The long graduated haircut is traditionally a cut for women who want an especially long layered look. As with other “haircuts”, the term “long graduated cut” can refer to a wide variety of specific looks, since the key techniques of the cut consist of tension in the segment being cut and the use of 45-degree or smaller cutting angles and overdirection. {Overdirection is the technique of elevating the hair beyond the 90-degree – or straight out from the head – position, in the direction opposite the way the hair would naturally fall. It is used to create increased layers in the interior and at the perimeter of the hair.} In the case of the long graduated cut, the overdirection enables the stylist to add layers to the longer hair more easily and to balance the amount of bulk in the given style.
 
long graduated haircut As it was in a short graduated haircut, the fringe will be elevated to a 45-degree angle and cut using a vertical cutting line in the long graduated cut. The top and crown sections are going to be elevated straight out from the head (at 90 degrees) and cut, and the side and nape sections will be over-directed or elevated to a reversed 45 degrees and cut with vertical cutting lines as well. Here, the concept of a “reversed 45 degree elevation” and “over-direction” means that the hair is lifted beyond the point at which it stands straight out from the head and is held at what would be a 45-degree angle if the client were upside down. The diagram shown gives you the lengths to create a long graduated cut.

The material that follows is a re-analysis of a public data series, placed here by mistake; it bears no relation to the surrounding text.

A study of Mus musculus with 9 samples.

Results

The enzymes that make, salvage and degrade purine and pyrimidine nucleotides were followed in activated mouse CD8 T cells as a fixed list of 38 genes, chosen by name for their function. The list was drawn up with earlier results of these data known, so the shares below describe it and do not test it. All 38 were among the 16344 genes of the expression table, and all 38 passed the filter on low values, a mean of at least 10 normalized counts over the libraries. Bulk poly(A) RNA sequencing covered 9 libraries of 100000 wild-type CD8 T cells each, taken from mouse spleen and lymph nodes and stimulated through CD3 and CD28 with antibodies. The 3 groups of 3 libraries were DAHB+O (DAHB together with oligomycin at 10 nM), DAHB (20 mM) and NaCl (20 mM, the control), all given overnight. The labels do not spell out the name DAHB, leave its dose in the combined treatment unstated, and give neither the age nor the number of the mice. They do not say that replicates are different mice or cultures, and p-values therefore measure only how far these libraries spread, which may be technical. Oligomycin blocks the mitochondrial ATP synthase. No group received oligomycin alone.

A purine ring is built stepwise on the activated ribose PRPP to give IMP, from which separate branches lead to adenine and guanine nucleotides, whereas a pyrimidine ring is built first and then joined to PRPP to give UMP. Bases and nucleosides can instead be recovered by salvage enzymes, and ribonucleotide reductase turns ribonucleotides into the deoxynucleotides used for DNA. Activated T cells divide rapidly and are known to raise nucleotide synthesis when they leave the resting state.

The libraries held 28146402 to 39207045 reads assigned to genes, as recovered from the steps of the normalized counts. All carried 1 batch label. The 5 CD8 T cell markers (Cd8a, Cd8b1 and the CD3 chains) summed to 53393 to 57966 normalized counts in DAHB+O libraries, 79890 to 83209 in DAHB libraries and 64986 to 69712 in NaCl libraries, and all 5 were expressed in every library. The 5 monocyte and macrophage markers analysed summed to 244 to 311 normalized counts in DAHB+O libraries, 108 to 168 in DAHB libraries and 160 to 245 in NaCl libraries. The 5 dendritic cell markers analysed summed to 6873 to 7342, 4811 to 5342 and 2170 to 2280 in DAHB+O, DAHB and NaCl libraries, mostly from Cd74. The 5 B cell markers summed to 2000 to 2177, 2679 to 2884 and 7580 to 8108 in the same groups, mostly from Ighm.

To start, you should:
 
1. Section the hair in a standard seven-section parting, separating the sides, and top into three sections, the crown should be divided into two equal sections roughly triangular shaped, and the nape area is divided into two equal halved down the center. Click here for illustrations on sectioning the hair for cutting.
 
2. Determine your desired lengths for the front, back and sides and cut a small guide to mark this length. Cross-check your side lengths by bringing them together in front or back to make sure they line up correctly. If the two ends meet at a central point in front or in back, then they are even. If not, bring the strands together at a central point and trim the excess length from the longer end.
 
3. Cut your forward sections first to allow you to re-secure the hair out of the client’s face once you are done. Use a 45-degree elevation at the fringe and forward top section, increase the elevation to 90-degrees as you move back along the head.
 
4. Move to the back section next and cut your perimeter length as desired. Work from the back center to the left and right and cut the perimeter as desired for the style. Cross-check your side cuts as you go to ensure balance and evenness in the cut. Be sure to raise the hair to the over-directed angle to ensure the proper layering depth.
 
5. Lower the sectioned hair one-half section at a time and cut it using the over-directed elevation and vertical cutting line. Work from center back to each side alternating between slices to make sure to keep the cutting balanced. As you finish a half-section, lower more hair and repeat the process.
 
6. Alternately, you can lower the hair from the top down and cut the hair in the opposing direction. Keep the over-directed elevation, but simply cut from the top of the head and work your way down to the nape. Carefully blend out and clean up the perimeter edge of the cut once you’ve completed it.